No. 11 women’s rugby downs Brown
In its third game of the season, the women’s rugby team (2-1, 2-0 Ivy) secured an 8-5 win against Brown University’s previously undefeated team (3-1, 2-1 Ivy). Brown, ranked No. 12 in the nation by the Goff Rugby Reports, won the Ivy League last year and had not lost an Ivy 15s game since 2013. After beating Brown, Dartmouth moved to No. 11 in the nation on Goff Rugby Reports.
In its first season as a varsity team, Dartmouth’s victory over Brown marks the drastic development of the women’s rugby program over a short time frame. Historically, Dartmouth has struggled against Brown, and last fall the Big Green fell to the Bears 43-7. By flipping the script and knocking out the reigning Ivy League champions, Dartmouth has placed itself in the catbird seat for conference title contention.
“This is a huge building block for us,” Tatjana Toeldte ’16 said. “This is the stepping board to keep improving our running board, our set pieces and keep playing really great defense.”
Coming into the game, the Big Green had a specific strategy to contain some of Brown’s offensive strength and secure the victory. Dartmouth controlled the tempo of the game, limiting Brown’s opportunities to put points on the board. At the start of the match, Brown’s offense appeared impossible to stop. The Bears had averaged 50 points per game across three games, including two against Ivy League competition in Cornell and Harvard Universities. Although the Big Green struggled to convert its own tries, it successfully stifled Brown’s offense, limiting the Bears to a single try across the duration of the contest.
“We wanted to come out really hard and put some pressure on in the first half, and we were really pleased with how our set pieces went,” Toeldte said. “We came out, and I think we really executed our plan. I’m really proud of what we did.”
Toeldte’s words rang true as the Big Green consistently pressured the Bears back into their green zone with strong offensive plays. Despite Dartmouth’s success in creating quality chances at tries, the Bears defensive unit remained strong all game, preventing the Big Green from running away with the lead.
In the first half, the contest saw only three points put on the board off a penalty kick by Toeldte. Toeldte opened the scoring again in the second half, converting a try to give Dartmouth the 8-0 lead. Through the first 70 minutes of play, Toeldte was the only player on the field to put any points on the board.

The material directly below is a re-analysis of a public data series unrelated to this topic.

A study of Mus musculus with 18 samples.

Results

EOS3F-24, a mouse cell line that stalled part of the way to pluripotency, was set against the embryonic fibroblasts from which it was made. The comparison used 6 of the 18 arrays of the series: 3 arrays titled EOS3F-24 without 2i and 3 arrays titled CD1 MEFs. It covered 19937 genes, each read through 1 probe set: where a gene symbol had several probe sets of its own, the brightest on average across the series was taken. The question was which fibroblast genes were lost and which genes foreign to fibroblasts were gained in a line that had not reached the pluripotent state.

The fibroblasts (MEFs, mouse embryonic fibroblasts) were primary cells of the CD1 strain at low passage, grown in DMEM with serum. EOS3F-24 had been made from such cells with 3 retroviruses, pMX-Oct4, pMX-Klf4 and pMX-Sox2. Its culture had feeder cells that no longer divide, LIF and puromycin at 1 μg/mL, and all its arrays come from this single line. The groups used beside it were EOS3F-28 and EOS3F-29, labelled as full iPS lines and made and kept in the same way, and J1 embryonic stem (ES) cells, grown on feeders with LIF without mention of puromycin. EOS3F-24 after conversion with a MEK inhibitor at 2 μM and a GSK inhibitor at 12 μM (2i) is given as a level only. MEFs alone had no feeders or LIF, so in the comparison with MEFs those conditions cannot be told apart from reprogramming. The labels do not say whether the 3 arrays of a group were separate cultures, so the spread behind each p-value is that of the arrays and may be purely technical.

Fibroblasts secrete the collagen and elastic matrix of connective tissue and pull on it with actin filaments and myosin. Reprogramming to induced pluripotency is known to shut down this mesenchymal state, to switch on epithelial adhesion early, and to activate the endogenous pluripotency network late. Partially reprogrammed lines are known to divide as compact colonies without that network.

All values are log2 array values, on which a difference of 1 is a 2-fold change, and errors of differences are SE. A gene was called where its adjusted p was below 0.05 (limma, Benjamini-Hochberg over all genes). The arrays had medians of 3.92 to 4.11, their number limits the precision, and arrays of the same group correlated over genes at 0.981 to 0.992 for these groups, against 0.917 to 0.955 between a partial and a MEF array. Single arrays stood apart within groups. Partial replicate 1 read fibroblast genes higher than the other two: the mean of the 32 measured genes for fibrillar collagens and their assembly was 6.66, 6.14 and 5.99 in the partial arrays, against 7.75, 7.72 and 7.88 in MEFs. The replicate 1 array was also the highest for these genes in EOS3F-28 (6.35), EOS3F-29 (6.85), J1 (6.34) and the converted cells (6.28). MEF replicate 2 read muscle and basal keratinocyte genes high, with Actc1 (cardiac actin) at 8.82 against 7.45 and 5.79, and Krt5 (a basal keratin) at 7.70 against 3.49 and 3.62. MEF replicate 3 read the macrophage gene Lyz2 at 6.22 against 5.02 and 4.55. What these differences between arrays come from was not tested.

Dartmouth’s success in managing the rhythm of the game compensated for its failure to convert more than one try. The Big Green had possession of the ball for the majority of the game. Part of Dartmouth’s possession dominance can be attributed to Brown not contesting a majority of the lineups, but the deciding factor in the team’s high possession time was its quality play in the scrum.
“We knew going in that this was going to be a tough scrum,” Ashley Zepeda ’18 said. “Even though we got pushed around a lot, we were able to wheel the ball around. It just felt really good to roll them around because they went in super confident thinking that they would dominate us, but our playing proved that Dartmouth’s scrum is formidable.”
Brown’s scrum is famous for being the strongest in the Ivy League. In Dartmouth’s previous games against Brown, the Bears dominated the Big Green in the scrum, allowing Brown to maintain possession of the ball. On Saturday at Brophy Field, Dartmouth reversed its fortunes and was duly rewarded for improving this aspect of the team’s play.
Dartmouth was able to wheel the burly Brown team multiple times and even managed to steal the ball twice. Controlling the scrum is often synonymous with controlling the game. The Big Green’s success against the Bears shows that Dartmouth’s scrum is indeed a force to be reckoned with.
The 8-5 defensive stand gave Dartmouth its most promising win to date as a varsity program and serves as a positive indicator as the team heads into its final four games of the fall season.
“I am just really proud of how much heart the girls showed out there. How far they’ve come in four weeks is remarkable,” head coach Katie Dowty said. “We executed everything we talked about in training and neutralized some of the strengths Brown had coming into this.”
Dartmouth now sits at 2-1 with three games left before the Ivy 15s tournament in November. The Big Green will need to convert a higher percentage of its opportunities near the tryline in order for the team to continue its success. After exploding for 77 points in its season opener against the University of Pennsylvania, Dartmouth has been held to two tries over the course of its last two games.
“We’re going to work 110 percent as we do for every other game,” Dowty said.
The Big Green will return to action on Brophy Field on Saturday for its Homecoming game against Princeton University. Last season, Dartmouth dominated Princeton 63-3 in New Jersey.